Waterfall believed to be sacred dries up for first time

Waterfall believed to be sacred dries up for first time

Waterfall believed to be sacred dries up for first time

A waterfall in Turkey’s Mediterranean province of Antalya has dried out due to the effects of global warming and low precipitation in a time when environmental disasters because of climate change are becoming more common.

There is not a single drop of water left in Uçarsu Waterfall, which originates from the skirts of Akdağ in the Kaş district and flows from a height of about 50 meters, according to Demirören News Agency (DHA).

The waterfall was named “Uçarsu” (Flying Water in Turkish) due to the water soaring in the air and then having the appearance of a white cloud, but now, only mossy rocks are visible on the mountainside.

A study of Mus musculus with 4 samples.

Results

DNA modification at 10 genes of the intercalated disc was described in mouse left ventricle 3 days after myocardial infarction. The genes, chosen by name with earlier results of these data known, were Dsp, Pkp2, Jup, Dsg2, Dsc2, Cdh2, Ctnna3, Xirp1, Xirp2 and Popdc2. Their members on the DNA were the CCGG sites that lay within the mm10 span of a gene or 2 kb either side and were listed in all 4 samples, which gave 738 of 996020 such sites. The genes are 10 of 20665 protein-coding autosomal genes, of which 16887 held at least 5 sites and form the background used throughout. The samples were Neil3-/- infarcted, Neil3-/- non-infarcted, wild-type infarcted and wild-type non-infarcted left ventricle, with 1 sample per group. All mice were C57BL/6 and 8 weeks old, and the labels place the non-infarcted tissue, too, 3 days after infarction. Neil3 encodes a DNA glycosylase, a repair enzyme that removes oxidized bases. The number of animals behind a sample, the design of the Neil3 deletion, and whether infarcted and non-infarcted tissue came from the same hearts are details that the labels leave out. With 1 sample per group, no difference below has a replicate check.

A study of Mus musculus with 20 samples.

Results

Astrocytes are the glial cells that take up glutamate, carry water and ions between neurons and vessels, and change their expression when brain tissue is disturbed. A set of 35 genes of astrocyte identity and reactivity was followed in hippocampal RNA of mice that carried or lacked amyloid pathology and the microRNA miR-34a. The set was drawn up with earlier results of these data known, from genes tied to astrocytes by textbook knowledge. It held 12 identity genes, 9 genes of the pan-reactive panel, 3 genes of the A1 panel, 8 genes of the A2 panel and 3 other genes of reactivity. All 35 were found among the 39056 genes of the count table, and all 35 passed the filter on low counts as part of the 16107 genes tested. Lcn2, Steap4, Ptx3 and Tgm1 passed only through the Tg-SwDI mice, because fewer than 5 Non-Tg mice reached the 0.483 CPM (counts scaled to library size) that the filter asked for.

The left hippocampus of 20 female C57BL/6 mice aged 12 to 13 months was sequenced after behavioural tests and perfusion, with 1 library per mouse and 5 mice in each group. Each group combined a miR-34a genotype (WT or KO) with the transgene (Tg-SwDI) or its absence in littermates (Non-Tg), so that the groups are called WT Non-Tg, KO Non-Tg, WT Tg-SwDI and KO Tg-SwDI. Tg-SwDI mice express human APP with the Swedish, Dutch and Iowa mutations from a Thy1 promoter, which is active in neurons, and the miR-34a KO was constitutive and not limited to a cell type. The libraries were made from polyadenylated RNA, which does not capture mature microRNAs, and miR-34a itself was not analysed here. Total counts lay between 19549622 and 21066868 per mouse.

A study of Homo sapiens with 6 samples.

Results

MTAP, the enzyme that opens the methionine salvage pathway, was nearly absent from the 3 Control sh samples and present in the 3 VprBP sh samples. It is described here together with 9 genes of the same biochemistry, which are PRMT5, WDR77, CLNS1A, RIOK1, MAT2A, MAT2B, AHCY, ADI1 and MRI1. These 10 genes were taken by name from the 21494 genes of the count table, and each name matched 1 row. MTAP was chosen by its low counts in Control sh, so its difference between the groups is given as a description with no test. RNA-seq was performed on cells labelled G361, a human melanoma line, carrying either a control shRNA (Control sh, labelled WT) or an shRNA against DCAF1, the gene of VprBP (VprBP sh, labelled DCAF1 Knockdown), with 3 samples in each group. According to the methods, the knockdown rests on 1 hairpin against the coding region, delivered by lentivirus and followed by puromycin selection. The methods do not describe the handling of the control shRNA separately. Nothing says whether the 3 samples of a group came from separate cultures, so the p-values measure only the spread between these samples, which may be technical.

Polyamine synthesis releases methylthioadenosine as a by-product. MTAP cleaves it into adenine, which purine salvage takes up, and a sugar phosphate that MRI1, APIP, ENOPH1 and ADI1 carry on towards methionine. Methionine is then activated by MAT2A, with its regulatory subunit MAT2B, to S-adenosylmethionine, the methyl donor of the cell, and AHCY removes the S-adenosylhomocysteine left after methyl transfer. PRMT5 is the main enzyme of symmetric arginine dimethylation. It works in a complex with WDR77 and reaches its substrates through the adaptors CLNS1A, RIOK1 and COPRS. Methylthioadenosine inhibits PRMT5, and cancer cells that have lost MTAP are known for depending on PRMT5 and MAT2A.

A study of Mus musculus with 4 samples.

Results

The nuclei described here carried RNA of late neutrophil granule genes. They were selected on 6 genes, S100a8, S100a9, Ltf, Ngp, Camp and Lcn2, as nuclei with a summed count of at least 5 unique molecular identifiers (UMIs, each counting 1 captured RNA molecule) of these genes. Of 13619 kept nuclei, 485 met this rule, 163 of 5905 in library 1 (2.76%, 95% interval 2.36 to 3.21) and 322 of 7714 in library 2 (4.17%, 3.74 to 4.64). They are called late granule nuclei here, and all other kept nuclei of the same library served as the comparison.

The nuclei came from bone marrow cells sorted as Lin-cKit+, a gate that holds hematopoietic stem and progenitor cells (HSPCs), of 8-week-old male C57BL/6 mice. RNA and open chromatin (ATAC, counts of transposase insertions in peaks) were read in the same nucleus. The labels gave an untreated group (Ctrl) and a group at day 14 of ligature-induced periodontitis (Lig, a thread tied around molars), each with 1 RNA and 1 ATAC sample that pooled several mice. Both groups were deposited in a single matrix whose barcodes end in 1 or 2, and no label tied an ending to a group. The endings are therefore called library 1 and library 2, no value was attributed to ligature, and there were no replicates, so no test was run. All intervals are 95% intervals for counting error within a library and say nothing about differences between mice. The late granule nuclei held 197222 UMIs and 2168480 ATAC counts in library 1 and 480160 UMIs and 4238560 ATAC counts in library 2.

The water bed the river forms by flowing through a valley of about 5 kilometers is now full of stones.

“This is the first time something like this is happening. Normally it would flow until December; there would be water. But since September this year, we have seen that the water has disappeared,” said Altan Kıllı, a local.

The waterfall was also considered sacred by the Alevis living in the region and attracted the attention of tourists with its legends.

According to narratives, the waterfall was blessed by Abdal Musa, one of the Anatolian saints, who has a tomb in the Tekke village in the province.

The legends tell that Abdal Musa went to the province of Muğla’s Seydikemer district, but he was not given food there and was forced to return.

When he came to Uçarsu, a shepherd’s daughter shared her only bread with Musa.

It is believed that Uçarsu Waterfall flows towards Gömbe in summer and towards Seydikemer in winter.